This month we are challenging ourselves to “See What God Sees” in other people. As Christ-followers, we are on a journey toward greater compassion, empathy, and love for all of God’s creation. As I thought about seeing what God sees, I realized that before I start hypothesizing how God sees others, I must first ask myself the question, “How does God see me?”
Maybe it sounds selfish, but I believe all paths to growth and expansion start with introspection. What have you been taught about how God sees you?
As a child, I was told things like Jesus loves me, God knows my innermost thoughts and desires, there is nothing I can do to separate myself from God’s love, and God blessed the day I was born. And this message was reinforced in Scripture, often with this Psalm:
For it was you who formed my inward parts;
you knit me together in my mother’s womb.
I praise you, for I am fearfully and wonderfully made.
Wonderful are your works;
that I know very well.
My frame was not hidden from you,
when I was being made in secret,
intricately woven in the depths of the earth.
Your eyes beheld my unformed substance.
In your book were written
all the days that were formed for me,
when none of them as yet existed.
How weighty to me are your thoughts, O God!
How vast is the sum of them!
I try to count them—they are more than the sand;
I come to the end—I am still with you. – Psalm 139:13-18 (NRSV)
It's such beautiful poetry that I want to cozy up in it to fall asleep at night. God knows me. God takes delight in me. God celebrates me. God is with me. This is such precious sentiment, but I think sometimes I get caught up in the individualization of my relationship with God. One of the tenets I admire from Eastern cultures is that the community is uplifted more than the individual. This tenet seems to align perfectly with many messages of Jesus: love each other, care for each other, serve each other, put others first. But in the Western side of the world, we end up asking, “Yes, but what does this mean for me and my relationship with God?”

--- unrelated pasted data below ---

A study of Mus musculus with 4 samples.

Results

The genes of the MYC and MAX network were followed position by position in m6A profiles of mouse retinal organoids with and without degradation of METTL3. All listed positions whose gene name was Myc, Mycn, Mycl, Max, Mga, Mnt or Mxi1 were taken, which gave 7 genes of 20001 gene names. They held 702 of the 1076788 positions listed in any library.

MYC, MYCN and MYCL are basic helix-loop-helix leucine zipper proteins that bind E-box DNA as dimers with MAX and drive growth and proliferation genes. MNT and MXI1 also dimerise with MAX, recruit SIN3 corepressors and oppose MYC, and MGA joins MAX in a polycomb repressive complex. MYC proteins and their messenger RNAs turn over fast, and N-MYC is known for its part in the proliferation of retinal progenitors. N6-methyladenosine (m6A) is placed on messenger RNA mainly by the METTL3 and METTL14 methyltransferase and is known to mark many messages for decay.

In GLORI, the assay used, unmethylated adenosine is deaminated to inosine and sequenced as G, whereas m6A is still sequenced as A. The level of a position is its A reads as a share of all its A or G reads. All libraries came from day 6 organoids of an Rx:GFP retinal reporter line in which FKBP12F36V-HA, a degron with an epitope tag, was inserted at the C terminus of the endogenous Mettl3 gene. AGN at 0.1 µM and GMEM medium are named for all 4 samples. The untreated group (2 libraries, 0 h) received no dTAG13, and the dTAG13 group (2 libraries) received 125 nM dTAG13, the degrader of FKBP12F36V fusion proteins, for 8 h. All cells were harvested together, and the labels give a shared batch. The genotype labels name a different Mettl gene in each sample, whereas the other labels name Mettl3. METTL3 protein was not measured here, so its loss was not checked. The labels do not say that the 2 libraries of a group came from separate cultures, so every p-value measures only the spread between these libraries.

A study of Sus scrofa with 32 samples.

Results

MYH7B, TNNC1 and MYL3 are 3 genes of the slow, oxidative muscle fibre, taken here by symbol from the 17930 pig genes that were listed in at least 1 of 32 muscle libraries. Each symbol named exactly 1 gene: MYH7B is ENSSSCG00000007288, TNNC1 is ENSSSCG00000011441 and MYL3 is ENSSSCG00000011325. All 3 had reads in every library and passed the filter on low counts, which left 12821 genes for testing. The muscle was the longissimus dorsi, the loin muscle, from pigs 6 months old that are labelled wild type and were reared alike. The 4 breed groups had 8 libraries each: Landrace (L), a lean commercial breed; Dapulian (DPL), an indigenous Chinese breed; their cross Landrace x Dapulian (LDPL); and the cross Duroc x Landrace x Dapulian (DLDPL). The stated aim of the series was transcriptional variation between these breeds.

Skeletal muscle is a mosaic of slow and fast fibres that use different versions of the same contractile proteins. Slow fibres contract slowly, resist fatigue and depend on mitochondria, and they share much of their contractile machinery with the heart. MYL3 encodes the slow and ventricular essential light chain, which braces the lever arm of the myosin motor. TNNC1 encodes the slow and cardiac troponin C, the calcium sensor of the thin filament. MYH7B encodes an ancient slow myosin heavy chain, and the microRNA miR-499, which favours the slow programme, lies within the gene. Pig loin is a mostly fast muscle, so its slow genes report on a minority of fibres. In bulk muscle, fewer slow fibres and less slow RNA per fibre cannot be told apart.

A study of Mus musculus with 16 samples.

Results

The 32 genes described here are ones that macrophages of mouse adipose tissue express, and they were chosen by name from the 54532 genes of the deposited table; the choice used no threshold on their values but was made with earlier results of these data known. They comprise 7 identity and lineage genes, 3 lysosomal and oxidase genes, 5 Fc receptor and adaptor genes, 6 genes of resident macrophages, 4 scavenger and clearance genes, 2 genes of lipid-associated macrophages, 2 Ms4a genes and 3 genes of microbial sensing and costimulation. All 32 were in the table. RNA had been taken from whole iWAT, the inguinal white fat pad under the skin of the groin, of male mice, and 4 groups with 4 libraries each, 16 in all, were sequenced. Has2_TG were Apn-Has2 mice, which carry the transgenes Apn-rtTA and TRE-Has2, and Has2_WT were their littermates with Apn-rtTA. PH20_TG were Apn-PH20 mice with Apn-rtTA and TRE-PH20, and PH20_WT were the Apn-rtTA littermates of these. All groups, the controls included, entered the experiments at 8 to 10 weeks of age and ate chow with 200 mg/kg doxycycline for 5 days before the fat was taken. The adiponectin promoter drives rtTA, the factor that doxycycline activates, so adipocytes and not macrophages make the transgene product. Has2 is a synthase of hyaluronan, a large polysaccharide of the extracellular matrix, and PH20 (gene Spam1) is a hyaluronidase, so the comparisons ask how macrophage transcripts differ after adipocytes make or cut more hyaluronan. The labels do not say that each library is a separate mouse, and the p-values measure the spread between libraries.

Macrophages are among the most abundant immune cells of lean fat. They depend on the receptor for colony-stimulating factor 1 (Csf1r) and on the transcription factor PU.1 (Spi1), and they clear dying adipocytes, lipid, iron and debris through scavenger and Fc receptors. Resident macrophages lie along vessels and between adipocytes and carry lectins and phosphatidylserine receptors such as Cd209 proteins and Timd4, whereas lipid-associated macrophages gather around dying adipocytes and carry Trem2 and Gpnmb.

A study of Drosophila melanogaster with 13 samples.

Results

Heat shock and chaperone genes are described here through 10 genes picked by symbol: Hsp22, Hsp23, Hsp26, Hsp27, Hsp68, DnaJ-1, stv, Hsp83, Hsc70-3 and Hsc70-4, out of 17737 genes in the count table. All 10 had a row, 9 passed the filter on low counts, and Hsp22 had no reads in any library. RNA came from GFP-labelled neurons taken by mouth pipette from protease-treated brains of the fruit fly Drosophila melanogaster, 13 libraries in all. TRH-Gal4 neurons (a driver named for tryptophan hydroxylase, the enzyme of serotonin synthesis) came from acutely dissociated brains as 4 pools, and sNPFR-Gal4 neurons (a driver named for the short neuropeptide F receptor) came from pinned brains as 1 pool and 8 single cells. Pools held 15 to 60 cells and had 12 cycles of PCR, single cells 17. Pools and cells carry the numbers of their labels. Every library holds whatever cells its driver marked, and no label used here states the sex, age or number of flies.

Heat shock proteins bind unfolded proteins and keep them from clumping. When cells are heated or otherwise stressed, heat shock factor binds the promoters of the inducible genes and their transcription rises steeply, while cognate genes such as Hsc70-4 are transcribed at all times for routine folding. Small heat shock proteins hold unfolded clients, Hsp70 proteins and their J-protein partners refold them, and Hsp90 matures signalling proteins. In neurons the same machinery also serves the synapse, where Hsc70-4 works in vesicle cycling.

And that’s not a selfish question. Well, maybe it is, but Jesus addressed that, too! He shared stories of the lost sheep, lost coin, prodigal son, and embracing grace rather than rules. God looks for the individuals who are hurting and lost to embrace them and bring them into the loving fold of the community. But we must fulfill our role as the loving community.
My therapist has challenged me lately to better hold the tension of the world. Both Western and Eastern philosophies are true; God cares about the individual and God cares about the community. But I have trouble holding this tension, and many others, equally without prioritizing one over the other.
If I were to take a step back and try to see what God sees, it might look more complex than I imagine when only focusing on my own relationship with God. God might say to me…
Alyssa, I love you intensely, and I love every individual in the universe with as much vigor as I love you. All cultures and subcultures are rich and vibrant, but they are also broken. I celebrate the abundance that surrounds you, and I mourn for your poor spirit. Your experiences are true and valid, and your siblings’ experiences are true and valid.
Sonder is a word you may or may not know. It is the realization that each random passerby is living a life as vivid and complex as your own. I think we’ve each had that existential moment when we’re sitting in a coffee shop or on a park bench people-watching and feel touched by sonder. It can be a beautiful moment of empathy, humility, and wonder. It allows us to make ourselves smaller for a moment and compassionately observe the people around us. Maybe the experience of sonder is a glimpse into seeing what God sees.
I’m curious, what does the phrase "See What God Sees" mean to you? Ponder this thought today as you observe creation moving all around you.